After failing to impress government to reconsider an educational loan deemed unjustifiable, the Minority in Parliament has taken their concerns to the loan-approving body, the World Bank.
The Minority has asked the World Bank to re-examine the $156 million loan agreement for the Ghana Education Improvement Programme.
The loan has a $15 million component meant to buy pencils, rulers, erasers and the most controversial – sanitary pads.
Government has justified the loan, saying, it lacks the funds to upgrade school infrastructure and tool up students with educational materials.
Government has explained, the scholarship component of the loan would benefit about 10,000 students and is proceeding to set up a state structure to administer scholarship despite the existence of a scholarship secretariat.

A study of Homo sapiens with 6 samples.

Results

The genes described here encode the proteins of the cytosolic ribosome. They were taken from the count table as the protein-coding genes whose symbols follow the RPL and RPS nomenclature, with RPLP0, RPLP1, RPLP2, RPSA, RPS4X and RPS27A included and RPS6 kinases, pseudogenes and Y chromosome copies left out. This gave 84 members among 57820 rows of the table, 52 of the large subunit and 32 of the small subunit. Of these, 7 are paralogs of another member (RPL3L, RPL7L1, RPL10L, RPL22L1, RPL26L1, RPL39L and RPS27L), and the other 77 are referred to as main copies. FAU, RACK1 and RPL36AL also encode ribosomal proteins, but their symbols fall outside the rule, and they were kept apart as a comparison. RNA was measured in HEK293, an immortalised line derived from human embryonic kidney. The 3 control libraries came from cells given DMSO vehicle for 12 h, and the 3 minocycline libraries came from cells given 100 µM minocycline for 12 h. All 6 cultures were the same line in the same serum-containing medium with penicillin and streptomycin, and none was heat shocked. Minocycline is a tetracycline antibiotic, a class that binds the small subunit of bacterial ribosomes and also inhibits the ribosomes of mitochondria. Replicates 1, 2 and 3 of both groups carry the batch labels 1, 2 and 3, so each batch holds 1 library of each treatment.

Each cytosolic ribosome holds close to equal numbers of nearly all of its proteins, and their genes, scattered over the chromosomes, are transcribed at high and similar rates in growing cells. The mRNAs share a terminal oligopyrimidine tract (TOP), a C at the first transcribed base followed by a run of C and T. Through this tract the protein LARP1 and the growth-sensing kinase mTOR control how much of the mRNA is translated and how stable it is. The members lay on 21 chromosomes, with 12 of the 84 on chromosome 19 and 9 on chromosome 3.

It insists the loan also meant to build some 25 Senior High Schools are all part of its programme detailed in its 2012 manifesto.
But at a press conference Monday, Chairman of the Public Accounts Committee, Kwaku Agyeman Manu questioned the motive for the loan.
The Minority suspects that the loan would be lost to cronies, and an unaccountable system of public funds. They have since branded the move as “create, loot and share”.
The Minority did not have the numbers to shoot down the loan agreement in Parliament.
“Real motive of government is something else,” Kwaku Agyeman Manu said.
Their skepticism about the loan is also informed by the new body to disburse scholarship in rivalry to Scholarship Secretariat Scheme set up under the Office of Government Machinery (OGM).
The OGM works under the Office of the President (OoP) and was established by Article 57 of the 1992 Constitution.
The Minority further argued the personnel at the Scholarship Secretariat “have little work to do” because public funding for the running of the scheme and for paying tuition for beneficiaries has dried up.
There is “no justification for the irresponsible use of public funds,” the Chairman of Public Accounts Committee maintained.